Thursday, June 12, 2014


A dark and stormy Friday
overlooking the Pali
No, this is not a game show cuss word, but the defining word for a person who, according to The Skeptic’s Dictionary ( has a “morbid, irrational fear of Friday the 13th.” 

Everyone knows superstitious people consider Friday the 13th an unlucky day. Several stories or ‘old wives tales’ describe the reason behind the superstition of Friday the 13th. Not everyone is superstitious, though. You may enjoy a good campfire story, as long as it doesn’t scare you half to death (Hannibal Lector in Silence of the Lambs rather than Freddy Krueger in Nightmare on Elm Street or Jason Voorhees in Friday the 13th.)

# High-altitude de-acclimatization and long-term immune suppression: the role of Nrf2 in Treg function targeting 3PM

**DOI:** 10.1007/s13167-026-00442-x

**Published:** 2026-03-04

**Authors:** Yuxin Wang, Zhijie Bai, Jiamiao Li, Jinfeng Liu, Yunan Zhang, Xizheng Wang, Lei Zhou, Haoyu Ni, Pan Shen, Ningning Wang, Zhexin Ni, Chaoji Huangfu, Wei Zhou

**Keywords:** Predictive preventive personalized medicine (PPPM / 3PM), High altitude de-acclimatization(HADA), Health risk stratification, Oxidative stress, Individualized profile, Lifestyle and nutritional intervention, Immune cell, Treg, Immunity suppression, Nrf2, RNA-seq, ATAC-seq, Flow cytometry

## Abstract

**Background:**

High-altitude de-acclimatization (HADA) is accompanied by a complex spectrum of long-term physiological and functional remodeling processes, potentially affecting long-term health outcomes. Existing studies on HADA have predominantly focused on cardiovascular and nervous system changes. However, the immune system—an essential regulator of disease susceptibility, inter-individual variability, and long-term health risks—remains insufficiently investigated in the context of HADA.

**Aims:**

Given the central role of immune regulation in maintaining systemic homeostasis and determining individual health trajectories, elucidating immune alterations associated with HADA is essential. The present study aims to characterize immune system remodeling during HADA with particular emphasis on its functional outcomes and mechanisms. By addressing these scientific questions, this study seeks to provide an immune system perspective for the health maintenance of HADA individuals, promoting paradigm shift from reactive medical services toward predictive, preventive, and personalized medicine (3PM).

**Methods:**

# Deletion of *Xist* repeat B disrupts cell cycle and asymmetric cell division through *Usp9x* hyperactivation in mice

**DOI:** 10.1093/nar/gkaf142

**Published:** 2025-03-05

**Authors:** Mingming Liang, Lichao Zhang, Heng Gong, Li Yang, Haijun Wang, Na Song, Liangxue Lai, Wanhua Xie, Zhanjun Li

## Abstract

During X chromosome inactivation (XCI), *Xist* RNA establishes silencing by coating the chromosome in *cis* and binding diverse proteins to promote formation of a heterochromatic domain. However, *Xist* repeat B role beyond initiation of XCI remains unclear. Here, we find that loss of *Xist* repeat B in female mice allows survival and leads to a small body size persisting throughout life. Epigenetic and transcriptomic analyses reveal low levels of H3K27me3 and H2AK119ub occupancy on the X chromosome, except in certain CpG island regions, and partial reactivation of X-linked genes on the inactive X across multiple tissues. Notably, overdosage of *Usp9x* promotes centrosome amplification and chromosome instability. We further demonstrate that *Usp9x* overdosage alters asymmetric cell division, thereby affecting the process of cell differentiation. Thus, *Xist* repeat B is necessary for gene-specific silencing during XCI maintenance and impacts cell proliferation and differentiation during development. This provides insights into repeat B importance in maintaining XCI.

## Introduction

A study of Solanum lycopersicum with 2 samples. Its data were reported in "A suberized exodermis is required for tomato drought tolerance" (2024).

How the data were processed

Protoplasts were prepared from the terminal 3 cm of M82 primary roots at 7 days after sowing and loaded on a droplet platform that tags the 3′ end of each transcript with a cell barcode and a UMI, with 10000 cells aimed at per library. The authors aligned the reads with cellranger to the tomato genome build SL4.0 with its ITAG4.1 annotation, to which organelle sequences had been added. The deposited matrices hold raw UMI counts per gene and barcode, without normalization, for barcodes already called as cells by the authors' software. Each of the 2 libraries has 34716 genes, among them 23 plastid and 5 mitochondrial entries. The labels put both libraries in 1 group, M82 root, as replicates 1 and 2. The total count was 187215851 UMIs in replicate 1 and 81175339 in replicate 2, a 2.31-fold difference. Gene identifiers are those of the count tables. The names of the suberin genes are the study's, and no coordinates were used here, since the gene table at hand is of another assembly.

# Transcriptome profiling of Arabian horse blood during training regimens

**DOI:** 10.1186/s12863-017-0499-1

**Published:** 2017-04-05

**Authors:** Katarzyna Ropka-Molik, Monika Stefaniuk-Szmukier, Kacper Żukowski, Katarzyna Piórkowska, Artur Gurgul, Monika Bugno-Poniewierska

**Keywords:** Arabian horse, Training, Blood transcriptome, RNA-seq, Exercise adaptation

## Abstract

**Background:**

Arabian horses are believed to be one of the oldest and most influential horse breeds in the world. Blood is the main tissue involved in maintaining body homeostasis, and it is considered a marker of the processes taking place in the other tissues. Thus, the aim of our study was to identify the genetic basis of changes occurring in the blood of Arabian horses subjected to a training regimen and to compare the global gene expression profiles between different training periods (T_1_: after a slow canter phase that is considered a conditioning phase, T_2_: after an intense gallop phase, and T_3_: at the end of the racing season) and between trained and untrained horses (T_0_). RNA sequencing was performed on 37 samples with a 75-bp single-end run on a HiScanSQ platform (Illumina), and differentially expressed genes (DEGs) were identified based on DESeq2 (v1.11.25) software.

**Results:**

A favorite legend is one that tells of Friday, October 13, 1307. On this day and date, King Philip IV ordered many Knights Templars simultaneously arrested and tortured. For authentication of this tale (said tongue-in-cheek) see The Da Vinci Code, Indiana Jones and The Last Crusade, or National Treasure.) Friday the 13th definitely proved an unlucky day for knights in France and Italy. Knights in other locales escaped torture and worse, saved by rulers influenced more by Templars’ good deeds than by Rome’s edicts. 

The collection of stories within the anthology, MYSTERY IN PARADISE 13 Tales of Suspense, contain tales that range from eerie to humorous to, as the book’s editor describes one story, “Hawaiian Gothic.” Enjoy your Friday the 13th weekend with 13 entertaining mysteries. Nothing of a superstitious nature lies between the pages, only murder suspects and red herrings.